On 6 July 2010, during the IIAS International Congress in Lausanne, Ms. Geraldine Fraser-Moleketi, Practice Director Democratic Governance Group – UNDP/BDD, held the ninth Braibant Lecture.
Democratic Governance at Times of Mega-Crises
Re-building our Communities and Building on our Citizens
by Geraldine J Fraser-Moleketi
Practice Director Democratic Governance Group – UNDP/BDD
Lausanne 6 July 2011
Crises have opened avenues to change and showed the way to progress, in government and governance, that benefited peoples. Examples abound. Crises have proved beneficial whenever peoples and governments have taken pains to explore the lessons they may yield and listen to the messages that come through loud and clear. My goal in this Address is to open a debate, which may shed light on the nature of the ongoing crisis and make sense of the direction which we, in the UNDP, other organizations and governments at large would be advised to follow.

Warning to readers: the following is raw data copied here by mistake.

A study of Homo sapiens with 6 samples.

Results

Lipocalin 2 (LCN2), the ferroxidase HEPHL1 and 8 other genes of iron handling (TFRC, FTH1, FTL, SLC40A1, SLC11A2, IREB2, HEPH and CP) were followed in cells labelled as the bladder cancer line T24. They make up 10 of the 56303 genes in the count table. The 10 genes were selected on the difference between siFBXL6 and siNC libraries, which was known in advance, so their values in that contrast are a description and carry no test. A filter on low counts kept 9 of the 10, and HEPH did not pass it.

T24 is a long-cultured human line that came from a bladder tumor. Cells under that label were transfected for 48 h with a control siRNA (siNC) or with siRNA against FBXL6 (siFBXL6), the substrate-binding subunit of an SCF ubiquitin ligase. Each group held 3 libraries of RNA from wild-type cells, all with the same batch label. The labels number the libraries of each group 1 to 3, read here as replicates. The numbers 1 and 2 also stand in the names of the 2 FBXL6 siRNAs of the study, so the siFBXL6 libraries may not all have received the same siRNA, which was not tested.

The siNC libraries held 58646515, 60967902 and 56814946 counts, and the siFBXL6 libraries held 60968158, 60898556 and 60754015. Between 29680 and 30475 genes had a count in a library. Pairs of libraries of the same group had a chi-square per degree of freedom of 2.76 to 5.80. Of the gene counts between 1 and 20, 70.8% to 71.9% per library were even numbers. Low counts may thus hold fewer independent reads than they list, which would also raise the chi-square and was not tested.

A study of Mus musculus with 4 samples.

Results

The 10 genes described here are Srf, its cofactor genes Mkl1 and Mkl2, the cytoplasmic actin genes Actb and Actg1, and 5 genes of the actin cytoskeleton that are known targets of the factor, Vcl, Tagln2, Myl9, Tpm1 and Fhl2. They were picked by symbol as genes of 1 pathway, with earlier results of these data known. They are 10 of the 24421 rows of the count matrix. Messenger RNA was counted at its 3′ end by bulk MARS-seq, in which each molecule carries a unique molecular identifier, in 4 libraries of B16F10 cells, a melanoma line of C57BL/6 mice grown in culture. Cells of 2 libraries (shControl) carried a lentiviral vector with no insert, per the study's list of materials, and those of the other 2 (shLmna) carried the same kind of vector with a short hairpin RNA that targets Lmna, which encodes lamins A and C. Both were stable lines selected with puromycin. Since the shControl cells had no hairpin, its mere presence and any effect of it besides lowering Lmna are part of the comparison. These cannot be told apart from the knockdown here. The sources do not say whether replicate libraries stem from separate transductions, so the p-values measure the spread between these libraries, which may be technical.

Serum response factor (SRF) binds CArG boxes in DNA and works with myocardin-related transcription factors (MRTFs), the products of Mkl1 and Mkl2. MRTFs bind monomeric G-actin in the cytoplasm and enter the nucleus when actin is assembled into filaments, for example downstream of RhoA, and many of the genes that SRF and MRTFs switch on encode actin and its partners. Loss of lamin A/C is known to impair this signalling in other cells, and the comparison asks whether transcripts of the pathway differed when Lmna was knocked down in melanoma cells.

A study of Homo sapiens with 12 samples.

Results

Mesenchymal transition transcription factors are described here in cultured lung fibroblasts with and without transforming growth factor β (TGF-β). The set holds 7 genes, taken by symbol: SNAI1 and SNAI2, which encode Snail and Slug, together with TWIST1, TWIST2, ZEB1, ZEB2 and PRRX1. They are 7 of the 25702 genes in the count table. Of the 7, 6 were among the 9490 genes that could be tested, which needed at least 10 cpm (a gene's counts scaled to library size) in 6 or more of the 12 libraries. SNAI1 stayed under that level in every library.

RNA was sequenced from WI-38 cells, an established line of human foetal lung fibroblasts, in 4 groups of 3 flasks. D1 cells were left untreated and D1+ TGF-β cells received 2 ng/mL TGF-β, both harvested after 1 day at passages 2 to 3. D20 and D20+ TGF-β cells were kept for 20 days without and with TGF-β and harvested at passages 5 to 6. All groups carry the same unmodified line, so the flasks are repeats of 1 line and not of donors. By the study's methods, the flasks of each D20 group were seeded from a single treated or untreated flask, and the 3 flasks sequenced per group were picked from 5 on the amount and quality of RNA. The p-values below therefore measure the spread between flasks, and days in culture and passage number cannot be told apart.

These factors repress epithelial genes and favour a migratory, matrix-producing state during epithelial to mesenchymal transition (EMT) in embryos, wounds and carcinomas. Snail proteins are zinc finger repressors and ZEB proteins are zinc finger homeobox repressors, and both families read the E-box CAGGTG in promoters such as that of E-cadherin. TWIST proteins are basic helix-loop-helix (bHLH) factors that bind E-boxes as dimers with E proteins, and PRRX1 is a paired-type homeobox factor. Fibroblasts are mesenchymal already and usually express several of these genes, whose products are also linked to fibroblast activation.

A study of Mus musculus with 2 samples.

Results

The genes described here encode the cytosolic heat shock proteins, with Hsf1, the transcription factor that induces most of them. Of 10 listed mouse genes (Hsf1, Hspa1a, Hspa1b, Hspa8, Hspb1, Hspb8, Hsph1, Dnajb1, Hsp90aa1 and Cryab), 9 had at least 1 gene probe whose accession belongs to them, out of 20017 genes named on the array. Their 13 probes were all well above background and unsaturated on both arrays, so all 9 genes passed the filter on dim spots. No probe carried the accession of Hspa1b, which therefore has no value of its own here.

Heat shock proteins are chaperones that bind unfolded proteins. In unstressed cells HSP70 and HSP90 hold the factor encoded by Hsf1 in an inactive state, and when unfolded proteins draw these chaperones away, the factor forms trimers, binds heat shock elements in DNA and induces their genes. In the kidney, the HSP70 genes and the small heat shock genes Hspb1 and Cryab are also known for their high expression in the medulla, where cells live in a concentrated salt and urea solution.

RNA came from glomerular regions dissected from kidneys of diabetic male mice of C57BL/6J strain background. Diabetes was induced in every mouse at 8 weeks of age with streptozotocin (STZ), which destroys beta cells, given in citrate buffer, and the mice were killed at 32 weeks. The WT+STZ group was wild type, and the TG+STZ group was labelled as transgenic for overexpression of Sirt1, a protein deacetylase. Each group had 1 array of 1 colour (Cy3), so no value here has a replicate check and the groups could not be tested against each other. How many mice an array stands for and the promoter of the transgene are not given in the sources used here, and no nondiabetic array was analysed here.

The paper will suggest that, at the heart of the problem, lies a failed model of governance. It’s called the business model or market model of governance because it sought to impose, on government, the methods but also the values and standards of private enterprise. It rested on the assumption that government, by definition, is less efficient than business because it ?is insulated from the rigours of the market place? (S. Ellington 2011:139) and overly protected for its own good. This arbitrary assumption started an onslaught on government, which still goes strong, in some places. The attack was mostly directed against the Administrative State, which saw the light of the day during the Great Depression and prospered in the trail of post-war Reconstruction, Decolonisation and the Development Efforts, during the 1950s and 1960s.